I was going to write something that was probably slight, hopefully funny and just trying to bring a little cheer. But that all stopped on January 22nd – the day Mick Peat died. I won’t go on about my personal grieving, that’s my private loss but I should take heed of the wider loss.
His touch, the way he extended his hand to all, be they young upcoming first-footing players and singers, established performers and industrial-strength management, or someone he’d met in the street and told them; “You should come. You’ll like this!” before selling a ticket or two comes close - but he was more than that.
He lived, breathed and supped his chosen glass etched with folk music. He was, by his own admission, a little lost to the way things had changed, (he was 80 years old) technology was not his best suit, neither the uber-brilliant stylists who didn’t touch his heart. Some might say, he lived in the past – but it was a good past – a fifty-odd year past – a time-served past - and he knew what he liked and it didn’t matter how young they were, or how many blocks they’d turned the corners of.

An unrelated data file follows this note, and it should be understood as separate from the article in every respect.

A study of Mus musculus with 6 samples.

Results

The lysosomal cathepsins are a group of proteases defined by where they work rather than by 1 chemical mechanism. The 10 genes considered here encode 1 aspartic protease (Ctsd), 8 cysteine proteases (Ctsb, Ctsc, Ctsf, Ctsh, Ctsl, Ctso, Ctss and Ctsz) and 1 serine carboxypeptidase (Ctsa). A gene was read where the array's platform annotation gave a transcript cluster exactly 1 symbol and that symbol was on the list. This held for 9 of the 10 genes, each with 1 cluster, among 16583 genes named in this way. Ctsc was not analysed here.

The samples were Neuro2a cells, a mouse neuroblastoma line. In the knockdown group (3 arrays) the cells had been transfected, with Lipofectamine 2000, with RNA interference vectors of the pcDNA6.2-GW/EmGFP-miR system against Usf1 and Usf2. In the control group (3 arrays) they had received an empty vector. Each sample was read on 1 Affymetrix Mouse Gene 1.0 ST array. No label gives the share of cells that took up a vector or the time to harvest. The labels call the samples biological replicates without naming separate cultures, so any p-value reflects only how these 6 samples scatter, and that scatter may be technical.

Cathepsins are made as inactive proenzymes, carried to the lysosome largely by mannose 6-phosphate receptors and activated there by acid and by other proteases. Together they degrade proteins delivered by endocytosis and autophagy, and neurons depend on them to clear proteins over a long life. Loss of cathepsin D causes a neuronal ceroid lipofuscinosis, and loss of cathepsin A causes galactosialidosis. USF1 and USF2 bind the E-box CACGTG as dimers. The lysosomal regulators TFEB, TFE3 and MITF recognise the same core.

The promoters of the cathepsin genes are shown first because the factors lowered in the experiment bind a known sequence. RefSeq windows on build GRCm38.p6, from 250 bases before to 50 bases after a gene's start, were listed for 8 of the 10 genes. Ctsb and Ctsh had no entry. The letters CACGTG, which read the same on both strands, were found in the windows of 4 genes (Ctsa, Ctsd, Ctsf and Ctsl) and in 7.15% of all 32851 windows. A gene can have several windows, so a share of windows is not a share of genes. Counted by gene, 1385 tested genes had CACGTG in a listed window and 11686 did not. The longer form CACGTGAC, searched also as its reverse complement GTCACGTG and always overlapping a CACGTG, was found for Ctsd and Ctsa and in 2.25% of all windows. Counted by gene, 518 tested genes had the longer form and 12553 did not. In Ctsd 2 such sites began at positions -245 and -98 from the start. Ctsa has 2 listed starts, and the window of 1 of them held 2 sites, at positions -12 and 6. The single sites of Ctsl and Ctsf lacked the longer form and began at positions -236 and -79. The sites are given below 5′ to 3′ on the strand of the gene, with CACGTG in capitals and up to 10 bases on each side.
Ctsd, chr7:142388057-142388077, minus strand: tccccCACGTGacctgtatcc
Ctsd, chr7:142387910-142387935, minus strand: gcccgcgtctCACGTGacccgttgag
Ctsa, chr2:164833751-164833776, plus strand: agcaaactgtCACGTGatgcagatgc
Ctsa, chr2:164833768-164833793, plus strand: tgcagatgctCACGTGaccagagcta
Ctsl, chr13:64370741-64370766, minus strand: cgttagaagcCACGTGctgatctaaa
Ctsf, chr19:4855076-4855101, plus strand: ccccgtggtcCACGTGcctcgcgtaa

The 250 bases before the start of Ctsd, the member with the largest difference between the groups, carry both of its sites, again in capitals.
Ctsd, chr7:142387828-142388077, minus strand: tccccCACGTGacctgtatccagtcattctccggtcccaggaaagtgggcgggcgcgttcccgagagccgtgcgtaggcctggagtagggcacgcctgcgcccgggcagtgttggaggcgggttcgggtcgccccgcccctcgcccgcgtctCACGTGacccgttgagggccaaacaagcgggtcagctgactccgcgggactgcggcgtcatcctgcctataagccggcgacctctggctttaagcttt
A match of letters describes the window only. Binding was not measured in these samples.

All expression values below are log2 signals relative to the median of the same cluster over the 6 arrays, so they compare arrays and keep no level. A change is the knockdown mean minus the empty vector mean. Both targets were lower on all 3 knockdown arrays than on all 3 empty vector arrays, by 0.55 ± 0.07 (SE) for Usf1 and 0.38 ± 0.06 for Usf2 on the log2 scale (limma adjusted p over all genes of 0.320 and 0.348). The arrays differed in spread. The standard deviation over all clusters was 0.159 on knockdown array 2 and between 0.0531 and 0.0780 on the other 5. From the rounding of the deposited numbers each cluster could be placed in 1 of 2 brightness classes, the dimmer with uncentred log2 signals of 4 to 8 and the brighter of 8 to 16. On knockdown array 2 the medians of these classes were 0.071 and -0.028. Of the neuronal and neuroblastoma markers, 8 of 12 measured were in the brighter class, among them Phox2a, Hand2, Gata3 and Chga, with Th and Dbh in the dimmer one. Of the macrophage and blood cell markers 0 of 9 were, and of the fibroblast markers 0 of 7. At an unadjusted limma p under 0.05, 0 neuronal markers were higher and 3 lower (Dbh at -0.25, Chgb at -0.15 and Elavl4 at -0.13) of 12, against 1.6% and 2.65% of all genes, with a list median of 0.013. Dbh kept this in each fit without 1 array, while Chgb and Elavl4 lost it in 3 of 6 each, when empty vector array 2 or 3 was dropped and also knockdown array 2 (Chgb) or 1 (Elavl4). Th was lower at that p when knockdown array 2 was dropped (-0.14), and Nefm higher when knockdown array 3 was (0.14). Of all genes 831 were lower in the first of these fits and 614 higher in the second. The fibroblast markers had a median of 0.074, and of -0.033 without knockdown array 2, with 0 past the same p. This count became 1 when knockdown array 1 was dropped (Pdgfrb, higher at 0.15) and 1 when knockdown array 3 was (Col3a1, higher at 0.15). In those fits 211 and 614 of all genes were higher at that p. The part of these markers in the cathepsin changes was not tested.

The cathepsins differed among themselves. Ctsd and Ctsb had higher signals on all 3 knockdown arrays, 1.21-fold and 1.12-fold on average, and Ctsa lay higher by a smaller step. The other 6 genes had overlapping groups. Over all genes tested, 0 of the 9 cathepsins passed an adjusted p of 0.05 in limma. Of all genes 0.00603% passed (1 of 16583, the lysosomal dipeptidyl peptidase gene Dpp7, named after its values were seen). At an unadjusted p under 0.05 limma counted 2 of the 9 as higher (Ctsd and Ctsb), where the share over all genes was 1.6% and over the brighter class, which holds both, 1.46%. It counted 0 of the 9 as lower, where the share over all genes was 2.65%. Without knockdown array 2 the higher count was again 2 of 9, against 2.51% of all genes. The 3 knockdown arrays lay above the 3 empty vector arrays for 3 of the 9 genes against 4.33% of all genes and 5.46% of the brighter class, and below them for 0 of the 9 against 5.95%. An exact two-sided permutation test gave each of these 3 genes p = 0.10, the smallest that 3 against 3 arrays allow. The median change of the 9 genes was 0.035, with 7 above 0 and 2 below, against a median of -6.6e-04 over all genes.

Of course he had his old favourites, he was a very successful promoter but he was never blind-sided to the “spice” of the new. I believe this was bent on “Do they believe it” and in Mick’s terms, if they didn’t, he would see through it.
In more recent years as he grew old he recognised two things: First, he may be out of his time and Second, what a time he’d had – most certainly the best of times.
I’m glad he had the best of times – I’m glad I shared some of those times. And I’m glad Mick’s passion and legacy will go on: “The Mick Peat Drystone Bursary.”